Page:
One of the more amusing parts of the job for people in my profession is when we’re asked to come up with corporate straplines, or comment on them.  These statements are important, and it’s quite a satisfying part of our job when we succeed in distilling the values of a group of people and a organisation’s purpose into a crisp phrase.  The fact that such copy is sometimes sneered at is all part of our working life: derision for “advertising speak” comes usually from otherwise intelligent people who can’t write crisply.

Sometimes straplines are honest.  Normally, honesty is a good thing.  Sometimes it can go a little too far: I recall one subversive suggestion in the defence community’s communications world that “Equipping The Good People To Kill The Bad People” would be an accurate summary even if it were a little too direct.  Sometimes they involve the unconditional surrender of the English language, one of the reasons I loathe the phrase “hard-working families” with a passion while entirely endorsing the sentiment.

But this is all a digression.

My little boy turns four this week, and my most pleasurable of paternal duties has been the sourcing of The Presents.

The world of kids’ toys is there for us, of course.  He’s doing really well recently.  A particular favourite of mine is the cohort of Roman legionaries of the Playmobil Legion: utterly brilliant for Dads who know their centurions from their prefects, and best played with after he’s gone to bed.

Now we’re on to the next stage in our Disney education.  I’d never seen Toy Story before: it came out as I headed to university as an undergraduate, much to the surprise of a much younger brass quintet with whom I gamely depped as a last-minute and ageing substitute horn-player recently.  Where’s this brilliant music from, I asked, as we played “You’ve gotta friend in me.”  In fairness to them, their patient explanation avoided patronising the silver-haired Old Git whom popular culture had passed by.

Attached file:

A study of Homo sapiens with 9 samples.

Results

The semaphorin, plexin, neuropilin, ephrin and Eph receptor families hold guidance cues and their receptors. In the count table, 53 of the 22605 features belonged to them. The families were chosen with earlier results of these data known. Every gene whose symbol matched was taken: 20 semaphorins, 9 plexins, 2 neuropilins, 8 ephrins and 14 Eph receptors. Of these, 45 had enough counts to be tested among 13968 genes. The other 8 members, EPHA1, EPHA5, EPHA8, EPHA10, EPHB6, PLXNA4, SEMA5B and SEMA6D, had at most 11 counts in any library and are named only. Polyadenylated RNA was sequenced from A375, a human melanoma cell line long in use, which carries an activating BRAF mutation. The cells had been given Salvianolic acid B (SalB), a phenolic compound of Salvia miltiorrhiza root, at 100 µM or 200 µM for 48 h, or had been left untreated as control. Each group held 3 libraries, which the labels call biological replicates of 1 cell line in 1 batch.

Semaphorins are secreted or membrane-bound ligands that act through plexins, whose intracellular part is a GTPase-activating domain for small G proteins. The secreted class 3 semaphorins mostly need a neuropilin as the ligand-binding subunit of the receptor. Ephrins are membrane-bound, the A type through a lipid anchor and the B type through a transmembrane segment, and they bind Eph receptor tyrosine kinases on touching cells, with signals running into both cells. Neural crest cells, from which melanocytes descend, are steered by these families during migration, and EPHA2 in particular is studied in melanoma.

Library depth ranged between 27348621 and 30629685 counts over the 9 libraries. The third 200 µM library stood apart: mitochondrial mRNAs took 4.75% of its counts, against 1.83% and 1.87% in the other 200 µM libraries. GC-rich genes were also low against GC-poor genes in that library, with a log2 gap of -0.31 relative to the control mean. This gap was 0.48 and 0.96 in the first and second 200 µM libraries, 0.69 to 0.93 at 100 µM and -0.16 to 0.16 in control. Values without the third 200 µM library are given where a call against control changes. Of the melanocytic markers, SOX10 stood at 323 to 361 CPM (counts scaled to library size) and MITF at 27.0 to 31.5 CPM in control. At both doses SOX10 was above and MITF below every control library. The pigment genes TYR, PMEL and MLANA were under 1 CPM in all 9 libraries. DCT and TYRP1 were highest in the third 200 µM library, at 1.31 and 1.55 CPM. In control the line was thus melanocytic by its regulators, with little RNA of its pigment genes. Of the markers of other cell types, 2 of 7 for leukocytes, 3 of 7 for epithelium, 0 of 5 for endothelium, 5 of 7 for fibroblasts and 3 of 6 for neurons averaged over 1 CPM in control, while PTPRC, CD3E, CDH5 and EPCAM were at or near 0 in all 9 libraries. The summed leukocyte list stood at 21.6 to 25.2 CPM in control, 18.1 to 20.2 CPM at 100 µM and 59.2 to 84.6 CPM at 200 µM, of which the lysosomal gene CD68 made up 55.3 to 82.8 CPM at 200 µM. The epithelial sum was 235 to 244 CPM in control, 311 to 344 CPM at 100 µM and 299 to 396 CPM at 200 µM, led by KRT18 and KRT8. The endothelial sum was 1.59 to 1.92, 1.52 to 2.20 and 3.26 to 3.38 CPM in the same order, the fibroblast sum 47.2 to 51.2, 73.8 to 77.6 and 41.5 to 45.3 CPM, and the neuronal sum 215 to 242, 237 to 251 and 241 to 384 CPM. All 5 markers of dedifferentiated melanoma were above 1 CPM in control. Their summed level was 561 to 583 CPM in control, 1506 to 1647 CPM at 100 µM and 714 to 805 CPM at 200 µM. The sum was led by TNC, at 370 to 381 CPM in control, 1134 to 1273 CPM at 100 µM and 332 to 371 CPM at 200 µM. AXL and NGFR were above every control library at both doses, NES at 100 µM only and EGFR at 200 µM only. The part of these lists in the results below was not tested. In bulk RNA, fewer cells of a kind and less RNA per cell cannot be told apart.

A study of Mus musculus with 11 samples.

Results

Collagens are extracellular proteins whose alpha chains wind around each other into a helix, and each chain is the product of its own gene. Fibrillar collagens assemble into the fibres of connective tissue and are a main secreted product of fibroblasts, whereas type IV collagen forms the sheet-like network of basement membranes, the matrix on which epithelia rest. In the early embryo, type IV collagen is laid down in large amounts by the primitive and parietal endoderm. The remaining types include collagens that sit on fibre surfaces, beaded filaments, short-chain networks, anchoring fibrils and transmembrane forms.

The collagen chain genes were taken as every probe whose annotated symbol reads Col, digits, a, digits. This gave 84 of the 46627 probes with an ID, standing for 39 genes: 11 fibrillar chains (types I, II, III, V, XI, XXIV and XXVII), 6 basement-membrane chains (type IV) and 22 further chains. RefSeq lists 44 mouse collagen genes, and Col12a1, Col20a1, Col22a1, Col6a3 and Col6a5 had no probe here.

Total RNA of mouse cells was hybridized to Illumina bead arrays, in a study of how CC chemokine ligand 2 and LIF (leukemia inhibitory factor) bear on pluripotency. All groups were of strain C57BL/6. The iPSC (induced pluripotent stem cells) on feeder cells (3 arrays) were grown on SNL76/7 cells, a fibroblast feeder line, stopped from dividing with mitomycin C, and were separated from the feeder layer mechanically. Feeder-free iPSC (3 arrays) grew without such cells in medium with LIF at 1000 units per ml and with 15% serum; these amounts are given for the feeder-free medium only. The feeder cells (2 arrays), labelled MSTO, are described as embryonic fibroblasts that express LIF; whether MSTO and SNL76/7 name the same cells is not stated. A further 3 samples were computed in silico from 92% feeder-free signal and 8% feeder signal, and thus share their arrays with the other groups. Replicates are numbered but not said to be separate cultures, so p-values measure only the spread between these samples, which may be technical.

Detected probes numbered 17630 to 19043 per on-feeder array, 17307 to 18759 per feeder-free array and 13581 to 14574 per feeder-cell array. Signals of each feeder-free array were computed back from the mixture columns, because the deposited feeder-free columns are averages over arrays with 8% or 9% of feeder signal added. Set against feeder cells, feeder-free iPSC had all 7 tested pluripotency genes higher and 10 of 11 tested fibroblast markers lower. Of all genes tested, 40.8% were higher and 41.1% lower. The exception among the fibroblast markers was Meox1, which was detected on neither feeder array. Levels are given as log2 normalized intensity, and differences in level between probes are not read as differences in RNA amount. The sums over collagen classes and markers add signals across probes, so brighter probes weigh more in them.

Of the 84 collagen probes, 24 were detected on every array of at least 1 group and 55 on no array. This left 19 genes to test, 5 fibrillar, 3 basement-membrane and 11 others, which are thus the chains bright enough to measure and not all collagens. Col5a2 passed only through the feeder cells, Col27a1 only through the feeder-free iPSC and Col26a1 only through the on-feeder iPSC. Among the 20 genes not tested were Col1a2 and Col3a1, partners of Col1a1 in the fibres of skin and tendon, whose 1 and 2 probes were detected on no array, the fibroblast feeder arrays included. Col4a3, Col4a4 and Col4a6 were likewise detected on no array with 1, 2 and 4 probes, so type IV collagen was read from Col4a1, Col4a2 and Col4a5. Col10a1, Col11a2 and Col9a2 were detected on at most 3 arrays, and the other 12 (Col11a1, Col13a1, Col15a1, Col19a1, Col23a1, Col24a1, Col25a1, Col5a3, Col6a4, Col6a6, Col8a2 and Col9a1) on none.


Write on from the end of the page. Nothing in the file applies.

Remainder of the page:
Since The Grifflet discovered the films, I’ve been making up for lost time.Now, in the back of Dad’s Car, I have Woody, associated horse, Jessie, and the piece de resistance, a marvellous Space Ranger with talky sounds, flashing lights, and flip-out wings.  Damn, it’s good fun to play with and we haven’t even given it to him yet.

Let’s bring us full circle and back to the straplines with which we started.  A really good mission statement or catch-phrase is magnificent, for it sounds superb, everyone can sign up to it, and it’s utterly impossible to disagree with.  You can also have plenty of fun re-punctuating it. Buzz Lightyear, I salute you.

To infinity.  And beyond?


Personal views of a wordsmithing, sartorialist, horn-playing, state school Oxonian dad, rugby ref, recovering politico, and fan of vintage tailoring, Ralph Lauren style, and sharp writing.